The Phoenix Association said yesterday that soaring building costs have slowed rebuilding homes destroyed in the 2003 bushfires.
However Chief Minister Jon Stanhope said today more than 90 per cent of the homes destroyed in urban Canberra had been rebuilt or were in the process of rebuilding.
Richard Arthur, president of victims’ group the Phoenix Association, said that although many householders were under-insured, there has also been a steep increase in construction costs.
“The main problem is building costs,” he said. “Even people who have bought vacant land and you would think would be in a position to to build haven’t done so and the reason I’m told is that they can’t afford it.”
Mr Stanhope said the latest figures showed that 97 per cent of those who had lost suburban homes had either sold their block, rebuilt or were in the process of doing so.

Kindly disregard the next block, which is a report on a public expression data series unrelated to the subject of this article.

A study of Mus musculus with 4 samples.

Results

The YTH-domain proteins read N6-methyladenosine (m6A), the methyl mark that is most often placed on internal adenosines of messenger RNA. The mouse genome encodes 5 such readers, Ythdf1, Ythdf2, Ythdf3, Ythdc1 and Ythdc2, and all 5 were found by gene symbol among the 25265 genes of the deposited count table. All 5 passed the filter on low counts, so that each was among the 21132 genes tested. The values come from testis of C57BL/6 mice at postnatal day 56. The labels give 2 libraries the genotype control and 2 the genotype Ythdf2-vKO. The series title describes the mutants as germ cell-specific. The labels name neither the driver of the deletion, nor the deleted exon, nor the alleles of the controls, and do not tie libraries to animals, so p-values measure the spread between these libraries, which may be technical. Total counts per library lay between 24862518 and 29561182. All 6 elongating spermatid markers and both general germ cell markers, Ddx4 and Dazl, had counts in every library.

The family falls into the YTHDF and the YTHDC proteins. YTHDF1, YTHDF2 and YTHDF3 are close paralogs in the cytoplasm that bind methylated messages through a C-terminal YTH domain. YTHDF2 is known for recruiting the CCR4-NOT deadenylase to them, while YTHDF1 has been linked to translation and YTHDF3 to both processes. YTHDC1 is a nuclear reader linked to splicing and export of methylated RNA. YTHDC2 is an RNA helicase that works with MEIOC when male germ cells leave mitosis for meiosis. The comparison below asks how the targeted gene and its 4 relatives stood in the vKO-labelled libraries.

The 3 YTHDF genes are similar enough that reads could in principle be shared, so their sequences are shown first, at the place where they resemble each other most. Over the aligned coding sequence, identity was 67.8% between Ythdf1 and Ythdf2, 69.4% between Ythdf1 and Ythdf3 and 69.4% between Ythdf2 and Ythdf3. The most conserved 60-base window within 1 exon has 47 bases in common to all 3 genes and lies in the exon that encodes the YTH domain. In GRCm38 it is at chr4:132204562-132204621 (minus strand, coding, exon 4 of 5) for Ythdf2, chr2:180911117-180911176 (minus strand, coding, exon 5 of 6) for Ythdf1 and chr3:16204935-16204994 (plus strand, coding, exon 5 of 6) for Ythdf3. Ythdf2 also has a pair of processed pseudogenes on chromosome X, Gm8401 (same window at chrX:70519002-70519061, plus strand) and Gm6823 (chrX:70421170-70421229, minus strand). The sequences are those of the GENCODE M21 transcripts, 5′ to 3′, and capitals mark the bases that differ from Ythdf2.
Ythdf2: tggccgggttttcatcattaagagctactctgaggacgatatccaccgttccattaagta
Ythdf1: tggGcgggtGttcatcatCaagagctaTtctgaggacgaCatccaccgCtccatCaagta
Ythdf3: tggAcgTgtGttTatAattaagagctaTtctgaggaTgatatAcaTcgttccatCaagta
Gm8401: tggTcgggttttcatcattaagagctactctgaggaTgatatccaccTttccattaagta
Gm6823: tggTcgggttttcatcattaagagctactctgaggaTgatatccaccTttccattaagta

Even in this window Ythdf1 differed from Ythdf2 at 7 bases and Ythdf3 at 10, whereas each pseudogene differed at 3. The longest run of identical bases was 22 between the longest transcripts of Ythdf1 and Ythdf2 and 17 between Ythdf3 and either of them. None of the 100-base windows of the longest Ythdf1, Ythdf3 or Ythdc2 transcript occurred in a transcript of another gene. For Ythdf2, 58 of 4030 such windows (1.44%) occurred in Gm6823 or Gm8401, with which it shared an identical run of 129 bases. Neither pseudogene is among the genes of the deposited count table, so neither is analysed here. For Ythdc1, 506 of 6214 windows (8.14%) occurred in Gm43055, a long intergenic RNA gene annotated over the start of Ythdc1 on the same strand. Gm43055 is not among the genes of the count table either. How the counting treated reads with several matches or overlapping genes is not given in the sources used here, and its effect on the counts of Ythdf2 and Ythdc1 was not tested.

“January 18, 2003 was a traumatic day for Canberra,” Mr Stanhope said. “Homes, and lives, were lost. Three years later, we see suburbs – and communities – recovering.”
He said only 11 owners of the 374 suburban houses destroyed in the fire were yet to make a decision on the future of their block. One hundred and seventy seven original owners chose to sell their land and all but 20 of these sold blocks have redeveloped or begun the redevelopment process.
Nearly all of the destroyed public housing properties which can be rebuilt, have been rebuilt and a tender for the rebuilding of the Stromlo and Uriarra settlements is under discussion.
Mr Stanhope also said the ACT Government was pressing the Commonwealth to agree to a sustainable village at Pierces Creek. Jacqui Burke had a whinge back on Monday that Ted Quinlan had said the government “might” discuss the plight of Pierce’s Creek, a position she said was not good enough.